If you have a spare system around, try knoppix. Knoppix is a Live DVD based on Debian linux that can be installed to run from a hard drive or a flash drive.

It's pretty useful for systems without hard drives, you can just run it from a flash drive. Unfortunately, most flash drives write fairly slowly so it's best to run it from a local hard drive.

I like to use the boot cheatcode "knoppix64 tohd=/dev/sda1" which will copy the knoppix dvd to free space on partition sda1, without overwriting other files on the partition. You still use the dvd to boot, but it will auto find the knoppix files you've copied or you can use "knoppix64 fromhd=/dev/sda1" to specify it manually.

If you have enough memory, you can have the livedvd copied to ram and execute only out of ram memory with "knoppix64 toram"

You can get knoppix from http://knoppix.net

Knoppix has a remarkable collection of software installed, but one thing it's missing is mame.

Being based on Debian, we can install Debian packages on Knoppix. Knoppix9.1 is based on Debian Bullseye.

We can install Debian's packaged version of mame. (most recent stable version is mame 0.228) which is almost a year old now.

Two packages are needed: mame and mame-data. Optionally you can get mame-doc and mame-tools.

You can search for packages at http://packages.debian.org for "mame" and locate the packages that way:

Also needed are two packages to parse xml and for the lua console:
wget http://http.us.debian.org/debian/pool/main/l/lua5.3/liblua5.3-0_5.3.3-1.1+b1_i386.deb
wget http://http.us.debian.org/debian/pool/main/p/pugixml/libpugixml1v5_1.11.4-1_i386.deb

Note that Knoppix is based on i386 architecture, so you have to get the i386 packages. Yes, it's not 64 bit packages but it does run under a 64 bit kernel with "knoppix64" on boot.

wget the files, then after booting knoppix, just run "dpkg -i *.deb" and it should install mame 228.

Note that if you've copied the knoppix files to the hard drive with the cheatcode "tohd=/dev/sda1", you can save files in the directory "/mnt-system" which is where knoppix is mounting its system files from. (/mnt-system -> /media/sda1/KNOPPIX)

But what about more recent versions? Debian packages 238 but it relies on some more recent libc dependencies so it won't run on Knoppix 9.1.

However, you can compile the latest mame (tried with mame 239) under knoppix 9.1. Knoppix9.1 has gcc 9 installed as well as git.

First, you will need some packages:

If you put this list into a file you can use "wget -i <filename>" to download the file list in <filename> or just wget each one manually.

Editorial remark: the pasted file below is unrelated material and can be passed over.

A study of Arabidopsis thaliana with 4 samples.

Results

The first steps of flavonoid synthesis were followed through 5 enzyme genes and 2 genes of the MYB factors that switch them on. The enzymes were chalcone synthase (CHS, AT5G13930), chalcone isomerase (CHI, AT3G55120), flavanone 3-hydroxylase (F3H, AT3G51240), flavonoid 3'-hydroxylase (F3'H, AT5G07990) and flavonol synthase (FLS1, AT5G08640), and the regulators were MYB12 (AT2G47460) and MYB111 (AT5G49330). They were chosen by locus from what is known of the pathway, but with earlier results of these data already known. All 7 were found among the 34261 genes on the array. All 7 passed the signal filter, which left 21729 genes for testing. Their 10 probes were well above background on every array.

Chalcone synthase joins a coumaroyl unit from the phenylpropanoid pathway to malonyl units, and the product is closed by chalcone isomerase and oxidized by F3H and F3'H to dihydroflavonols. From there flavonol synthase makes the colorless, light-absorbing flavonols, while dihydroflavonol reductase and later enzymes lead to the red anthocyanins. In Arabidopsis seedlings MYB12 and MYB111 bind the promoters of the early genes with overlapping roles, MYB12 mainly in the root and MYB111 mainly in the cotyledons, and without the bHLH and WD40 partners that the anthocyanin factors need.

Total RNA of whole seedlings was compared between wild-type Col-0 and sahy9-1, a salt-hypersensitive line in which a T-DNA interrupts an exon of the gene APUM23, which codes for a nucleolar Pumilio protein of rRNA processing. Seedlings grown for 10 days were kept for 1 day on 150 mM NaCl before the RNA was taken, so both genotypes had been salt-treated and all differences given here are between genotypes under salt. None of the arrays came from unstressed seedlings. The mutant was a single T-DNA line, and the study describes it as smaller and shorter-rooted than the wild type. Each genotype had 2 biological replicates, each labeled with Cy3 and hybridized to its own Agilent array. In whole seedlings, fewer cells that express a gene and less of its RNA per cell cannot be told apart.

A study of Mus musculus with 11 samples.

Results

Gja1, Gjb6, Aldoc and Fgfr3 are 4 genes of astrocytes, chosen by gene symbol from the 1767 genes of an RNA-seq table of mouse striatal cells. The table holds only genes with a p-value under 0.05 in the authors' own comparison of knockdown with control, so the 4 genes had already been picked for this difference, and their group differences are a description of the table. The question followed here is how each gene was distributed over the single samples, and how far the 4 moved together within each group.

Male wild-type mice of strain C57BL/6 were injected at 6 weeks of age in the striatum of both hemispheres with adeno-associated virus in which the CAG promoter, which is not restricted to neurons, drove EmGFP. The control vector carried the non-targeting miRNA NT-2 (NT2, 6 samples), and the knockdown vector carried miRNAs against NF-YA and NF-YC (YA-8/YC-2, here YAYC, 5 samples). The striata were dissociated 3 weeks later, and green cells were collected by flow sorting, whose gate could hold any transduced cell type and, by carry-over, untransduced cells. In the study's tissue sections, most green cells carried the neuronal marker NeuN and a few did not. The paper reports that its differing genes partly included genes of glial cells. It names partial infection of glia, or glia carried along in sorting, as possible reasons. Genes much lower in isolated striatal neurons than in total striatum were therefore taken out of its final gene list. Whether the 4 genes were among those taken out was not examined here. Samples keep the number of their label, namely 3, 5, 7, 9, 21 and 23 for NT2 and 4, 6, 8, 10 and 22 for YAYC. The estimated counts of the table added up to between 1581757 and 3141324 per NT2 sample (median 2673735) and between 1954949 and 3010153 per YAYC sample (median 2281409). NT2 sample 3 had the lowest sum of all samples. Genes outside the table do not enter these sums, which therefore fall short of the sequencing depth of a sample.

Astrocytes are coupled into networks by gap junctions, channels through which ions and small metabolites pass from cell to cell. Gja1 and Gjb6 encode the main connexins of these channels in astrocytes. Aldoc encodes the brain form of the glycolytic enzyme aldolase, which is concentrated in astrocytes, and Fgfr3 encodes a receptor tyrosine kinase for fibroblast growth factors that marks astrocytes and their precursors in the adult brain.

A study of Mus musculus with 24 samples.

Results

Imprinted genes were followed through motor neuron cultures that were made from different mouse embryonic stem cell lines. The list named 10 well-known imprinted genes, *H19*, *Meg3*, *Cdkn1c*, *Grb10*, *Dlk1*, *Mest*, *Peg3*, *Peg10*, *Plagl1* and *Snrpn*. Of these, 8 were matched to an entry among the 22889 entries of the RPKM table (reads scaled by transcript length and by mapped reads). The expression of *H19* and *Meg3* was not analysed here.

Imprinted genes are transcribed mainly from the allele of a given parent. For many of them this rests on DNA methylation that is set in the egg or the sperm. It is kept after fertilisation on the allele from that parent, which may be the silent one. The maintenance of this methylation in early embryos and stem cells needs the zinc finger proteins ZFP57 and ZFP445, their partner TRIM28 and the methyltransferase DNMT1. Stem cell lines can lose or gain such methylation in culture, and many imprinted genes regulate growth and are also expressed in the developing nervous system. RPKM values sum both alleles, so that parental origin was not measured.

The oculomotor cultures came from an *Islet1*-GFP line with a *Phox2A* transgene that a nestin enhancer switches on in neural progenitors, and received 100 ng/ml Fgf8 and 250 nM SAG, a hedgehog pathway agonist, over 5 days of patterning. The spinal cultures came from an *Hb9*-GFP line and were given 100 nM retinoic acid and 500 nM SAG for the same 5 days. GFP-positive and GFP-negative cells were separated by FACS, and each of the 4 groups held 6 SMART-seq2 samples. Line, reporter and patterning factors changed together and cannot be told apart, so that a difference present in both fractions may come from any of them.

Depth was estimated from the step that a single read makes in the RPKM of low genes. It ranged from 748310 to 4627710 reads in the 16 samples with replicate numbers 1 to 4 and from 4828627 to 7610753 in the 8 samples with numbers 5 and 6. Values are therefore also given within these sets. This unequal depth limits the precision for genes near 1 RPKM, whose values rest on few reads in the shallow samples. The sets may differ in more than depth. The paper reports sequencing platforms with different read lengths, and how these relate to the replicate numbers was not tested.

Then you can use "dpkg --force-depends -i *.deb"

We use force-depends because we haven't grabbed all of the dependencies.

Download the source zip from mamedev.org and extract it.

then edit the makefile with "nano makefile"

locate the line with #PTR64 = 1 and change it to just "PTR64 = 0"
because we are going to build for i386 which is not 64bit.

You may need to set the line (I don't think you have to though)

QT_HOME = /usr/lib/i386-linux-gnu/qt5

Then you can compile with "make -j4" and when it's done you should be able to run mame.

Knoppix9.1 is super useful, I like to use it on old laptops that don't have hard drives. It's super handy for testing hardware, and has lots of utility programs like "hardinfo".

Another thing you can try is "sudo apt install mame mame-data"
I was able to compile 241 and 242 in knoppix 9.1.

I took the compiled mame binary from one knoppix 9.1 system and copied it to another system and it ran just fine.

For silly fun, I wanted to see if mame 242 would run on an old Asus eeepc with limited cpu and ram (by todays standards).

Since the eeepc doesn't have a dvd-rom drive, I booted knoppix from an external usb dvd drive.

It would be very difficult to compile mame 242 on the eeepc, so it was copied from a core-i5 system running knoppix.

Mame would run on the eeepc 701 with 512mb and 900mhz celeron but it was slow (as expected).

Interestingly, the compiled mame 242 binary is about 400mb.

Something simpler that requires less raw power (like pacman) would run pretty well if I changed the desktop resolution down to 640x480 so it didn't have to push as many pixels. Also it needed some frameskipping.

The eeepc 900a with 1gb ram and atom 1.6ghz was a little bit faster, still not quite enough at higher resolutions, but fine with a lower resolution desktop.

[Linked Image from i.imgur.com]
I'm a little surprised to be hearing "Knoppix" again for the first time in a decade.